By MARYANN RAFKAEnglish Majors, Copy Editor

Ladies and gentlemen, I am more than one hundred percent sure we have all gotten the same response at some point from someone when we told them we’re majoring in English: “English? Huh. What are you going to do with that?” Spend my time trying to explain the reasoning behind my life choices in college to a prick like you, probably.

But seriously, it can become very annoying. When people ask you what you plan to do with your major, it’s for one of two reasons: 1) they actually want to know, or 2) they don’t see any job opportunities that could come out of your major and they want to know why you’re wasting your time. People just don’t think you can do anything of importance with a degree in English. Even students and faculty members of my other majors and minors – mainly in the social sciences – questioned my choice of English. No one sees this as being an important major.

Well, I’m here to argue that not only is English a very important major, it is one of the most important majors available to us on our campus. I shall explain.

English majors are exposed to many differing ideas not only about how to approach literature, but how to approach people, language, history, and theories. English majors are taught the importance of language and its use in creating society. We understand how books shape who we are as a people. We are taught to read what is intentionally hidden. We are taught to understand social, political, economic, and cultural reasons for the actions of characters – who are mirroring people (sometimes). English majors understand how discourse creates – and destroys – institutions and societies. We are taught to view things differently and to understand things from varying viewpoints. Aristotle once said, “It is the mark of an educated mind to be able to entertain a thought without accepting it.” This is what we as English majors are taught to do.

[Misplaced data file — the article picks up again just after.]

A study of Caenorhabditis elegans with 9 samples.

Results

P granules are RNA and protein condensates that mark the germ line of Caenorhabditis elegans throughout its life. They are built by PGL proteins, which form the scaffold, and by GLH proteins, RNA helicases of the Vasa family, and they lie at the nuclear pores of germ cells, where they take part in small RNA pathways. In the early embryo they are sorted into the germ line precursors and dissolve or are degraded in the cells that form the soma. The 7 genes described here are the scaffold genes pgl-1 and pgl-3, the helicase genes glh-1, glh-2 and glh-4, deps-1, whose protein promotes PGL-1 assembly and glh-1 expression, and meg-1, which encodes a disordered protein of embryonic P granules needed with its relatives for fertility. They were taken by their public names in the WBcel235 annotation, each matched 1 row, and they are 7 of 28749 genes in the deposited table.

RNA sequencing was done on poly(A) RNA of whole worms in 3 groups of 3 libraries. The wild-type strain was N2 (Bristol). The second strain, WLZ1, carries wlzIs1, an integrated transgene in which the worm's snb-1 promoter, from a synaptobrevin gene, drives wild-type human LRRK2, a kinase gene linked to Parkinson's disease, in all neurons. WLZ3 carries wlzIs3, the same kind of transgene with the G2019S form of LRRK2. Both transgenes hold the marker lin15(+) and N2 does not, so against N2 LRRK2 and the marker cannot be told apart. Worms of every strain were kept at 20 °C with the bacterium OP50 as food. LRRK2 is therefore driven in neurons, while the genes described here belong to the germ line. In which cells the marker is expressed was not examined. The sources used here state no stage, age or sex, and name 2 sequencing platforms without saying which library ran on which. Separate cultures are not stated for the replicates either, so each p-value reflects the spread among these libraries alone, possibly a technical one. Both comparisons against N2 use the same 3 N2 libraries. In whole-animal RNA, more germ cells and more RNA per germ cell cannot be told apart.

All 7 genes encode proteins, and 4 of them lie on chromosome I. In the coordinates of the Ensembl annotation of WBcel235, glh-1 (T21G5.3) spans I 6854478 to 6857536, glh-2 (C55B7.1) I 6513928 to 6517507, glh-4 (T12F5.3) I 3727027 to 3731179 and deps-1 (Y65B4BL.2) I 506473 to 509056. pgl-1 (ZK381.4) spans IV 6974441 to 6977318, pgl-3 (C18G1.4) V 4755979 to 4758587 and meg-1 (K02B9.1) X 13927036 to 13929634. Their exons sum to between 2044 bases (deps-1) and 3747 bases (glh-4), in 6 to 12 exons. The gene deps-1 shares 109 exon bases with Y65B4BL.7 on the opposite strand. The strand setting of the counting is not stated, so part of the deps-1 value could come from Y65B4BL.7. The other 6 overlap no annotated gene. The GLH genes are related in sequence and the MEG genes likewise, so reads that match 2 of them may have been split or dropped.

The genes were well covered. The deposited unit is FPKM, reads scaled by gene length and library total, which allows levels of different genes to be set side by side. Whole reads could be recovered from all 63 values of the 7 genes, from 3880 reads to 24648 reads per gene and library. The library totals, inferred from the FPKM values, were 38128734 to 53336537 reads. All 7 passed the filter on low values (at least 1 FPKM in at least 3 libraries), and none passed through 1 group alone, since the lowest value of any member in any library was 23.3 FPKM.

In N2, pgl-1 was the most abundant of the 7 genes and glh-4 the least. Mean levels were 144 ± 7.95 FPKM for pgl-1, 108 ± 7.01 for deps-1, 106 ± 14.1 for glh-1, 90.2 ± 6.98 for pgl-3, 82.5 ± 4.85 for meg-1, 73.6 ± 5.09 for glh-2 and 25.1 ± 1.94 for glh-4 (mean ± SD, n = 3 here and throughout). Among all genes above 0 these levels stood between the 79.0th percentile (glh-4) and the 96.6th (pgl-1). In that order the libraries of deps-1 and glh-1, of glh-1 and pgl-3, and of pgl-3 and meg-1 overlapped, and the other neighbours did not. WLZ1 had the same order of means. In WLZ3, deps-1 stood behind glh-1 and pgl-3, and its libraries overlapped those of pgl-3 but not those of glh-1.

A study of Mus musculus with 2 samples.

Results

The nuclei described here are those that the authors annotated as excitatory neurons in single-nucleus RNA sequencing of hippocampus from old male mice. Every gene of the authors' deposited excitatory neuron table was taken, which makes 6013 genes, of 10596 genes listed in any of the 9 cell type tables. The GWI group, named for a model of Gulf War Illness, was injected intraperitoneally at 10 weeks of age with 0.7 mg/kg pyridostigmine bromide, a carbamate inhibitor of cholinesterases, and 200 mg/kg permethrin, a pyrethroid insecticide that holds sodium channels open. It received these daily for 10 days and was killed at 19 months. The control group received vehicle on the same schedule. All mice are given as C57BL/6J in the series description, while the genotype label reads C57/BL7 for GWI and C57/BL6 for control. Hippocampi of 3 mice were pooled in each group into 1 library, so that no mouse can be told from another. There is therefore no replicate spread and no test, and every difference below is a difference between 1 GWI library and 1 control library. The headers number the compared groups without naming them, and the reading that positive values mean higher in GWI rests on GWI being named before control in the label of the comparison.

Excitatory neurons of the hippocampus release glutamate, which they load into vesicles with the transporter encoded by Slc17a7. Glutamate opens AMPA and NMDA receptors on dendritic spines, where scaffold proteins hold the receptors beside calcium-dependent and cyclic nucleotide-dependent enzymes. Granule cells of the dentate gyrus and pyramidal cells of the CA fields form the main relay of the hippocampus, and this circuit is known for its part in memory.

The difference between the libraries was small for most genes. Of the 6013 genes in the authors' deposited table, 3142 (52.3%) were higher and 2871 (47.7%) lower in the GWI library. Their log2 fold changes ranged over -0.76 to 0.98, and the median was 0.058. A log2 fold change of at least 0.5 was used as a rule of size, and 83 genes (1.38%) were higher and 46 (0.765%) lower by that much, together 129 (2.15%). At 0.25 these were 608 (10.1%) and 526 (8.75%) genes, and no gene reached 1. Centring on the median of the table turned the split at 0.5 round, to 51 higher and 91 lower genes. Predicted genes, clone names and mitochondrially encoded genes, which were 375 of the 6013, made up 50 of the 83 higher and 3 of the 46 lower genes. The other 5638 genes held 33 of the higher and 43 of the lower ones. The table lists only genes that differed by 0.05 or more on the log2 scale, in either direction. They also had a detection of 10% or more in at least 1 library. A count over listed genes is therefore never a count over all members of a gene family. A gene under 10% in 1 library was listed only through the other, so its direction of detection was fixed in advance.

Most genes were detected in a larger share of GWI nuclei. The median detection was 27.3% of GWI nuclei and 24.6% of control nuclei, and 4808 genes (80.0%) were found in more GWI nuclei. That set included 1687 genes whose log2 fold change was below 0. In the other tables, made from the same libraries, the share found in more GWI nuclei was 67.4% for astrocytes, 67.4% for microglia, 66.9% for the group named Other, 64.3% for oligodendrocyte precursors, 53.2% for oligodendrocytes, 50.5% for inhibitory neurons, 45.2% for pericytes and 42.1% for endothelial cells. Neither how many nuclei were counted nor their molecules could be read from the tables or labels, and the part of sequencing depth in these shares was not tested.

Yes, we love books. Many people become English majors (partly) because of their love for books. But an English major does not spend their entire college career reading fiction and literature for fun and then discussing it with their professor. English majors are critical thinkers. We are good debaters, excellent writers, intellectuals, and so much more.

Yes, sometimes our job opportunities are limited, but that’s not because English is a useless major. It’s because we live in a capitalistic society that encourages making money over understanding, caring, intellectualizing, and immersing yourself in academics. We live in a world that teaches that we should go to school to get the skills to get a job to make money and spend our lives being money-makers. And while there is absolutely nothing wrong with making money, that should not be the goal of education. The goal of education should be to get educated, to learn, to understand, to grow. No classes have taught me better than my English classes.

And for those of you who believe English majors will just end up broke, living in their parent’s basements, I have news for you: the job market will leave us all like that. Grab the ramen noodles and turn on your Netflix. We’re going to be unemployed together.